Facebook mess: Microsoft fears more regulations for tech cos

Facebook mess: Microsoft fears more regulations for tech cos

Global tech major Microsoft fears an increase in regulations for the sector following the privacy issues that have engulfed Facebook, but said tools like blockchain can help take care of concerns.

"All the signals say that there will probably be more regulations in the industry and our job is to comply with the regulations," its executive vice-president for business development Peggy Johnson told PTI.

Johnson, who reports to the company's India-born chief executive Satya Nadella, said the Redmond, US-based corporation has always been "principalled" about privacy, and affirmed its commitment to keep the individuals' data secure.

"Our belief is that our customer's data is their data. it is our job to help keep it secure for them," she said.

To illustrate the increase in regulations, Johnson, who was in Mumbai on Monday, cited the example of Europe which has introduced the General Data Protection Regulation (GDPR) regime, which tech companies have to adhere to.

It can be noted that following the revelations that data of over 50 million Facebook users could have been illegally accessed for influencing electoral results by the London-based consultancy Cambridge Analytica, the social network had volunteered to be regulated more closely.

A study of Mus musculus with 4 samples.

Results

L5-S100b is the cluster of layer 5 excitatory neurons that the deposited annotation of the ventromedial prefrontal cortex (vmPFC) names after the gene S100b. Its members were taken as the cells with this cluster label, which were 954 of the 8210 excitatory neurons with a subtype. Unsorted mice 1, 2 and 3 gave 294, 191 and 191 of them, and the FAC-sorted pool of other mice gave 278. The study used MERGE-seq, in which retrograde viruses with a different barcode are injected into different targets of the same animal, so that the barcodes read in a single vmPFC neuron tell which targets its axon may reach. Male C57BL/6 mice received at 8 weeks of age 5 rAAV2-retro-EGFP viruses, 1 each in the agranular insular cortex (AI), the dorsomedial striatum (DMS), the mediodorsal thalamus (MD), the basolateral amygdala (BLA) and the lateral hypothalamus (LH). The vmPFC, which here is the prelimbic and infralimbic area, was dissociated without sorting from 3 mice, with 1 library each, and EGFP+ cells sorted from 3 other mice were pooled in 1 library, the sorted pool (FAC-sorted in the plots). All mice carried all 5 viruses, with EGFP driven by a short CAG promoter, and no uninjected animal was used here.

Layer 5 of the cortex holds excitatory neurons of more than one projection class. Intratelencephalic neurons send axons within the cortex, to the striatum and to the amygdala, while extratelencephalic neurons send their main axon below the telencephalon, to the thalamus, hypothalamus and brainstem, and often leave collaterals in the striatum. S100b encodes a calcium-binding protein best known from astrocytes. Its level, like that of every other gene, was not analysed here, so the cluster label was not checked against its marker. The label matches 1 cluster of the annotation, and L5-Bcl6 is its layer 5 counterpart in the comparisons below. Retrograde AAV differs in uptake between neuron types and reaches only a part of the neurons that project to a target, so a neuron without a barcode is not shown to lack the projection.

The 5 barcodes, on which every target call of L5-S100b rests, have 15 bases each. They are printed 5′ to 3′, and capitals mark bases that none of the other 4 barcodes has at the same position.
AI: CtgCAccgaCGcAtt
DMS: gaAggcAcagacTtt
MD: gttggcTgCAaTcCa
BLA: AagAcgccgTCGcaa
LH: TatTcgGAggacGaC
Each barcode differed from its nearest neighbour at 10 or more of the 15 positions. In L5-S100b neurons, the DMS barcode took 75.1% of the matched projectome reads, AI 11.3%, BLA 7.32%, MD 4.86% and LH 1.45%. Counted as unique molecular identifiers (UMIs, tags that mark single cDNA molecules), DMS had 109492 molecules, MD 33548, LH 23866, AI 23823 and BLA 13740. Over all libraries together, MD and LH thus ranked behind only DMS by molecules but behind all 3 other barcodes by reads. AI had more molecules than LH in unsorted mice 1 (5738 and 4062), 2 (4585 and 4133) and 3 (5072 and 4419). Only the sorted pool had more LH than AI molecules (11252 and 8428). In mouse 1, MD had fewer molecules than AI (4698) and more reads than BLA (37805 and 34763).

Johnson said technology alone can help overcome the present set of worries which allegedly owe its genesis to misuse of the technology itself.

"Technology can actually help the problem that is surfacing now. Things like blockchain can be a part of the solution here, because it is transparent, it is secure... It can actually be a part of the solution to some of these concerns that are being raised by the regulators," she said, adding her company is already building on such solutions through its cloud platform Azure.

She said the company has been working on cybersecurity and has helped as many as 125 Indian companies with protecting their data since launching the offering in mid-2016 through a dedicated centre that works closely with academia as well.